When women tried, they were called irrational. Hysterical, even. To be so outraged and upset at your oppressors that you need to yell and cry and break a couple of things is something the oppressor cannot fathom. If your husband or your father is not physically abusing you, why are you so mad? If he is, why are you making it just about women?
Years later, we ask black people the same questions and make the same excuses. It’s just a couple of cops. It’s been happening for as long as this country’s been alive. Why make it a matter of race, or police brutality? One bad cop does not make all of them bad. Besides, how dare a few people be outraged enough at being ignored to riot?
(No one’s talking about the much more numerous peaceful protesters. Whose fault is it that we either grant negative attention or none at all?)
If you find yourself wondering about the protesters’ intentions and motives, examine the limits of your perspective; you just might not be as non-racist as you think. Most of the brutality we have seen is against young black males, but this is by no means the only thing the Black Lives Matter movement is trying to address. When we remember the elderly, children, or women who belong to racial minorities, we realize it is not merely the police that the movement is addressing.
Brutality and racial bias permeate nearly every interaction and situation in America. Calls for reopening the country accelerated when politicians realized COVID-19 is disproportionately affecting African Americans, especially those of higher age. Schools in majority-black districts are commonly underfunded, forcing black children into a life founded on undereducation and low literacy. Queer black women were the ones who started BLM in the first place after the family of Trayvon Martin had to live through the tragedy of seeing the teen’s murderer acquitted.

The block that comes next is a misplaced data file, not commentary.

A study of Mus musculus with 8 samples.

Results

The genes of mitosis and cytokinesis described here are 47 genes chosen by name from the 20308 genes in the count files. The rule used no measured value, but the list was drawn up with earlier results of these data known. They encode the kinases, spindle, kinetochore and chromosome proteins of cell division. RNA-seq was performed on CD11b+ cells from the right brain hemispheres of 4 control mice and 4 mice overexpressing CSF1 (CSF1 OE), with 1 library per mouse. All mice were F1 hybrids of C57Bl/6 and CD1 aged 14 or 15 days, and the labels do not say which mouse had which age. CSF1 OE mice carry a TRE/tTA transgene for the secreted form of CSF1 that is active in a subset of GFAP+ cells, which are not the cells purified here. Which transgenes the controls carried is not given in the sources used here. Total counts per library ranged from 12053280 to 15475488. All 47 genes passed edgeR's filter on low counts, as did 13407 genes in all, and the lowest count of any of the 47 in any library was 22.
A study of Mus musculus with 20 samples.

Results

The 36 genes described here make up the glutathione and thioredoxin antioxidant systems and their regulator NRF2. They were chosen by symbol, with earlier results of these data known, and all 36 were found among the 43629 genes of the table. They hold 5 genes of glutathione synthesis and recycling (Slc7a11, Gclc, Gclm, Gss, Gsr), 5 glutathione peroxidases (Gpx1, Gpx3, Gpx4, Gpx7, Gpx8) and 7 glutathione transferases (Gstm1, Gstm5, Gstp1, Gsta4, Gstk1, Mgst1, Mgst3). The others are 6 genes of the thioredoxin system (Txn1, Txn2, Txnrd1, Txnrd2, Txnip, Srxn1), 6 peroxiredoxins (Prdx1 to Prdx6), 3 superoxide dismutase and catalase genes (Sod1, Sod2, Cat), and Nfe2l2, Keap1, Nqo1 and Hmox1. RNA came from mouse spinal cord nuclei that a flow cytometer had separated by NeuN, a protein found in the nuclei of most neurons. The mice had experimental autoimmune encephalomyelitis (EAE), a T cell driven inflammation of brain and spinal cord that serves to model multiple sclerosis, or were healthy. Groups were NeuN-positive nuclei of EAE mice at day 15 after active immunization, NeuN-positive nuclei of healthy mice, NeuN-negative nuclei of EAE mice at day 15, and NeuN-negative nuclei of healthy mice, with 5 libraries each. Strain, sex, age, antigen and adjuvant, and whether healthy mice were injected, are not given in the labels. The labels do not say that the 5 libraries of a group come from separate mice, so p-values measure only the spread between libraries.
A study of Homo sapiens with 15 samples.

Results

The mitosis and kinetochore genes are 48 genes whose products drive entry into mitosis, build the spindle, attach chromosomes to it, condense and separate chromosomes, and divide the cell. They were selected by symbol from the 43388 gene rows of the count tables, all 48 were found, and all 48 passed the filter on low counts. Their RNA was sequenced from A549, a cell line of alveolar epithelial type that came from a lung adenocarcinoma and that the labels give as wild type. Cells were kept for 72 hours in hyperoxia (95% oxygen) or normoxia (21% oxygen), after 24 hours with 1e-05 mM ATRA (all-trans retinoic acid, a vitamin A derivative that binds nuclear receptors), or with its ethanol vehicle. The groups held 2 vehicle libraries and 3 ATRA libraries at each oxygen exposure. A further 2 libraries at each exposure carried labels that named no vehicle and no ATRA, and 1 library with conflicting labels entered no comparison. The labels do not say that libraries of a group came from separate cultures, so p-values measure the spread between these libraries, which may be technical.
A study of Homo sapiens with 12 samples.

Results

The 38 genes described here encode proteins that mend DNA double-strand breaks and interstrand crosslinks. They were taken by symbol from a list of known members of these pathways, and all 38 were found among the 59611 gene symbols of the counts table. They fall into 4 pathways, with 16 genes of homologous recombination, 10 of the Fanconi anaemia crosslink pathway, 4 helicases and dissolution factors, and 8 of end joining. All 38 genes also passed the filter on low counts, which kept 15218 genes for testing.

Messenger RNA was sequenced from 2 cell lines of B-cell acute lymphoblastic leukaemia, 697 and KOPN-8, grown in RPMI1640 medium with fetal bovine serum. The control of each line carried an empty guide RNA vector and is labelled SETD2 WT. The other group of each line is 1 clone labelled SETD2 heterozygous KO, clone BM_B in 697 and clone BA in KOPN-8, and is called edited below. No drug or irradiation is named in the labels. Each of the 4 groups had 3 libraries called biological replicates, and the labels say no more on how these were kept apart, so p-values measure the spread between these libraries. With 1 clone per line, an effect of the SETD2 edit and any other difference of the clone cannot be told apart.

Oppression will never be a straight, one-way street. It branches off to any member of society that can easily be scapegoated or excluded. You can try a detour, but when you wear the characteristic that justifies your oppression on your face, it will keep reaching you, unless we address the source.
The riots are a tragedy, but they are expected. Instead of blaming people, we should hurry up and address their grievances. Some of the most iconic moments in this country’s history were riots—did the Boston Tea Party not involve the destruction of valuable property and the ire of British investors by a small group?
But the Sons of Liberty did not gain independence alone. It is not enough to feel angry at the treatment of George Floyd, or Breonna Taylor, or Ahmaud Arbery. It is also not enough to make the police the only targets of this anger. If we want change, we must transform the society that allows people with an ounce of power to abuse it against minorities with impunity, be those abusers politicians, policemen, or even grocery store owners. We must remember that any worthwhile liberty does not come easy or pleasing to those who benefit from the status quo and that all lives cannot matter unless black lives always matter.